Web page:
18 August 2018 | Online since 2003


1 July 2014

Isotope fingerprint complete


Scientists working to create isotope fingerprints of all egg production in the United Kingdom say they now have a complete picture of the country.

Longhand Isotopes has been working with the British Free Range Egg Producers' Association (BFREPA) to collect and test samples of eggs from farms all across the United Kingdom. The aim was to establish a database that would enable Longhand to carry out routine testing to identify whether eggs being sold as British were actually produced in this country. Longhand says that the database is now functional and it is being used to test egg samples on supermarket shelves. Longhand is carrying out tests for a number of leading supermarkets.


"We do now have enough reference material," said Roger Young, managing director of Longhand Isotopes.

"We have taken samples from 2,500 farms, including 350 organic farms and we now have a working reference library for the UK, for Ireland and

for the continent. The library is now being used to check eggs on sale in retailers."

The developments at Longhand came as the British Egg Industry Council (BEIC) decided to follow BFREPA in throwing its weight behind isotope testing. BEIC has said that samples of eggs would be taken from all new laying farms joining the Lion scheme and tested in a move to improve the traceability of Lion eggs still further. Samples from all existing laying farms in the scheme would be taken when they were audited and a random selection would be tested each month. BEIC has said that this would enable a database to be established which would be regularly renewed.

The accreditation scheme Laid in Britain started working with Longhand Isotopes more than a year ago, and in November last year BFREPA gave the go ahead for its members to provide egg samples to enable Longhand to build a comprehensive picture of the United Kingdom. Robert Gooch, BFREPA's director of policy, said that what Longhand was doing was important work that could only benefit free range egg producers in this country. "By providing the samples we will make the database more accurate and that will give British producers some reassurance that if a retailer claims the eggs are from Yorkshire or another part of this country they were not produced in Italy or Germany," he said, explaining why BFREPA had decided to throw its weight behind the creation of a nationwide database.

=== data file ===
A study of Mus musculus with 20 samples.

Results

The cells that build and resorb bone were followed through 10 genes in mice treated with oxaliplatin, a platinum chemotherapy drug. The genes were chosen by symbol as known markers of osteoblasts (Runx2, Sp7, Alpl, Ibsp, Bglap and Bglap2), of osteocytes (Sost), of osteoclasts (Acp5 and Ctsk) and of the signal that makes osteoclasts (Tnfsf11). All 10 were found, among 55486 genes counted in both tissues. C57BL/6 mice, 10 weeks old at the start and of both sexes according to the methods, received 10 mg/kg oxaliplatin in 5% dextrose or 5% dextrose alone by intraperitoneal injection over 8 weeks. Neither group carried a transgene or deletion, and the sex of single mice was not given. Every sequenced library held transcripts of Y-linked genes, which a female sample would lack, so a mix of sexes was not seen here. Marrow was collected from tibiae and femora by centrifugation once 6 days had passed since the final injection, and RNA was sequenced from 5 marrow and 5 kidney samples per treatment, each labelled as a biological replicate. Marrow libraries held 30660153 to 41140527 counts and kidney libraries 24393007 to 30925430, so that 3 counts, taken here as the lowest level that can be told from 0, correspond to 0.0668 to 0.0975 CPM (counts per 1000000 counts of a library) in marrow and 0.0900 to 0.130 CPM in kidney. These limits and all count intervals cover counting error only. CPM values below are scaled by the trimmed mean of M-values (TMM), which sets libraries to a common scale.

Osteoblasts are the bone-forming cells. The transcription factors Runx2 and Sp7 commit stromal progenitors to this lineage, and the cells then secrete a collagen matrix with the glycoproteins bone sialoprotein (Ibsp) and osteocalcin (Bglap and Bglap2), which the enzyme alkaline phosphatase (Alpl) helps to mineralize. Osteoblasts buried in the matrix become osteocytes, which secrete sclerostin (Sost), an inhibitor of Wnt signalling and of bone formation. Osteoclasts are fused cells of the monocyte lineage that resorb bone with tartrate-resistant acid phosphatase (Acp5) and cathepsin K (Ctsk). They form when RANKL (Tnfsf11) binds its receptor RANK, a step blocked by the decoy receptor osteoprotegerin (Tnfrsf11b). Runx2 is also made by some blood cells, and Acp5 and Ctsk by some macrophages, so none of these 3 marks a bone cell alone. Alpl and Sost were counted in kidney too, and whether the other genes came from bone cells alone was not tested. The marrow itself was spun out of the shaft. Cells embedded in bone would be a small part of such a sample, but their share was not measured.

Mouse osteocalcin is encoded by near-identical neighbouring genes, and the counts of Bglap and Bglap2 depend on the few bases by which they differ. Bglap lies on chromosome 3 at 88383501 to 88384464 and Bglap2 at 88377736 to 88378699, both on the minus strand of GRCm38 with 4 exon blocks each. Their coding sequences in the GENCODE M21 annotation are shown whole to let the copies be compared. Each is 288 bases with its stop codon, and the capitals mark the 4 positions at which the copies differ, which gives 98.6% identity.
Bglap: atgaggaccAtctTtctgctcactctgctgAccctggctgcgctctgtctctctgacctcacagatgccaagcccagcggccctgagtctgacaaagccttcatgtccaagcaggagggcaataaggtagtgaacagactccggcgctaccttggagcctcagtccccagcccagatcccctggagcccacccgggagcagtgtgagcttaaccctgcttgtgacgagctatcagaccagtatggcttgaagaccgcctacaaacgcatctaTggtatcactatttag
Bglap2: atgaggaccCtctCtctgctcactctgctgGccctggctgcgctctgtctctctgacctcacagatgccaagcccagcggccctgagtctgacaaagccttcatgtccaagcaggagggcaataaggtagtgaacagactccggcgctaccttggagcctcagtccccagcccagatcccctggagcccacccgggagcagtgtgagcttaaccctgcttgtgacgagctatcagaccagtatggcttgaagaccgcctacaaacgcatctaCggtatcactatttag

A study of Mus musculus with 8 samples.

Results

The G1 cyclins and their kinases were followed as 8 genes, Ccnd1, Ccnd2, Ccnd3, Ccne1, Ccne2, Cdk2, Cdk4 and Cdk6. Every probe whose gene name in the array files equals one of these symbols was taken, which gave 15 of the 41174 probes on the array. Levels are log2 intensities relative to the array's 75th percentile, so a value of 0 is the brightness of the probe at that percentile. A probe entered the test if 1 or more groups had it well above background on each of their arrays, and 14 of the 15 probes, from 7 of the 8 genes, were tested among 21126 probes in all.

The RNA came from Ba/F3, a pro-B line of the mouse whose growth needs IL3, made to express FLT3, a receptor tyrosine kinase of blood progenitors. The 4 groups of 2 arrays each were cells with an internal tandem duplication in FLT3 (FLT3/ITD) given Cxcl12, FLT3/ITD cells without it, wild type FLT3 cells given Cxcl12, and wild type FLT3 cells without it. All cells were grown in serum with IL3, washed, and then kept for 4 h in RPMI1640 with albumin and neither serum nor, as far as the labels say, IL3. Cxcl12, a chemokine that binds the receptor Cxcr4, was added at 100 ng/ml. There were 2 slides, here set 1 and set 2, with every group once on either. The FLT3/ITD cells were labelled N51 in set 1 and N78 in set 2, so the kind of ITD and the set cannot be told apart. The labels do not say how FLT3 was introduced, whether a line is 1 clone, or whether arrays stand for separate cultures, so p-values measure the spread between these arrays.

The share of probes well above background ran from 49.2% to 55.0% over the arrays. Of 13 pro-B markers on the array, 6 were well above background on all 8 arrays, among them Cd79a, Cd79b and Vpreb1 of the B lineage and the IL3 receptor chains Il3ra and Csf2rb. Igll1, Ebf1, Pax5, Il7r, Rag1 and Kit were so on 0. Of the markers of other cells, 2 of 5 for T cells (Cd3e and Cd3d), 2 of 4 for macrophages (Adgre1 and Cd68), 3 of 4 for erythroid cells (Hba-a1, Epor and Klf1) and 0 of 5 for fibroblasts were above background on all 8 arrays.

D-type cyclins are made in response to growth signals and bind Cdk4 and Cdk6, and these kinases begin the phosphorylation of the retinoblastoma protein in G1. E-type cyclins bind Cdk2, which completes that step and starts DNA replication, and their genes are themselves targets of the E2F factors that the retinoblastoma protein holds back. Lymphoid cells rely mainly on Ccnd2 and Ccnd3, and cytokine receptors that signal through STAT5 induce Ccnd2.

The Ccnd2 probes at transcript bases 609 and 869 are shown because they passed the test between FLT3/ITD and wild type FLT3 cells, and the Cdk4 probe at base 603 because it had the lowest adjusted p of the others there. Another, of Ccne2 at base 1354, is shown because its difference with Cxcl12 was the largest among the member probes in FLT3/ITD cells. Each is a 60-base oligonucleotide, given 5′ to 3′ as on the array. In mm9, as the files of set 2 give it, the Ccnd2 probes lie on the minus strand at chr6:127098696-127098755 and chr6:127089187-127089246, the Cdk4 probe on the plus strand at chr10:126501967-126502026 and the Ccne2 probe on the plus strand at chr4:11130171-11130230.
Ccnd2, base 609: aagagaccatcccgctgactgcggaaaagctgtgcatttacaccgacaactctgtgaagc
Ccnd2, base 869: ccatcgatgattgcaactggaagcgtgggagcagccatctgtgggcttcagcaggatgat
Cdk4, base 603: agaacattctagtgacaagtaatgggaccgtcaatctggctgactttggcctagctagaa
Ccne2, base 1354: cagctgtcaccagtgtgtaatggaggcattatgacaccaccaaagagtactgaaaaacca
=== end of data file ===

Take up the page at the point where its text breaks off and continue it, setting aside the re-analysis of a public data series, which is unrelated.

Food traceability has become an important issue for consumers since the country was rocked by the horse meat scandal last year. Food sold as beef was found to contain horse meat that had been transported the breadth of Europe to find its way into the UK food chain. Leading supermarkets were forced to strip offending items from their shelves. They promised to tighten up on traceability and source more food produced in Britain. Isotope testing is a scientific technique that enables a test to show whether or not food products on retail shelves have, in fact, been produced in Britain.

Not only will isotope testing show whether an egg was produced in the UK, Germany, France or another country, but it will also identify the region of a country in which an egg was produced. The test is based on the fact that isotopes in drinking water are different from country to country and from region to region. The water drunk by the hen shows up in the egg it produces and using the egg in baked products makes no difference to its identifiable characteristics. The test will show, for example, where the eggs used in a quiche were produced.

"We now have enough reference material to be able to tell whether an egg was produced in the UK, in Ireland or another country," said Roger. "We also have enough to be able to tell whether an egg was produced in the South West or Yorkshire or Scotland for example," although he said that differences in isotopes did not always correspond with political boundaries. In the case of the UK, however, isotopes were different from those across the other side of the English Channel or the North Sea.

The test used by Longhand has already had some success in identifying wrongly labeled food. The company has been working with the British pig industry for some time and testing carried out by the company showed that pork chops being sold in Tesco as British were, in fact, from the Netherlands.

Longhand is also working with the Food Standards Agency (FSA) to look at the geographic origin of foods claiming to be from the UK. The FSA has so far not included eggs on the list of foods to be tested but it has commissioned tests on beef (including burgers), pork, lamb, tomatoes, apple juice and honey. The FSA has said it wants to check the accuracy of current origin claims on food labels to ensure that consumers can be confident that food labeled as from the UK is what it claims to be.

In its work with BFREPA, Longhand started collecting egg samples shortly before Christmas, visiting the farms of the first BFREPA members to volunteer for the scheme. Sampling involved the collection of half a dozen eggs from each farm.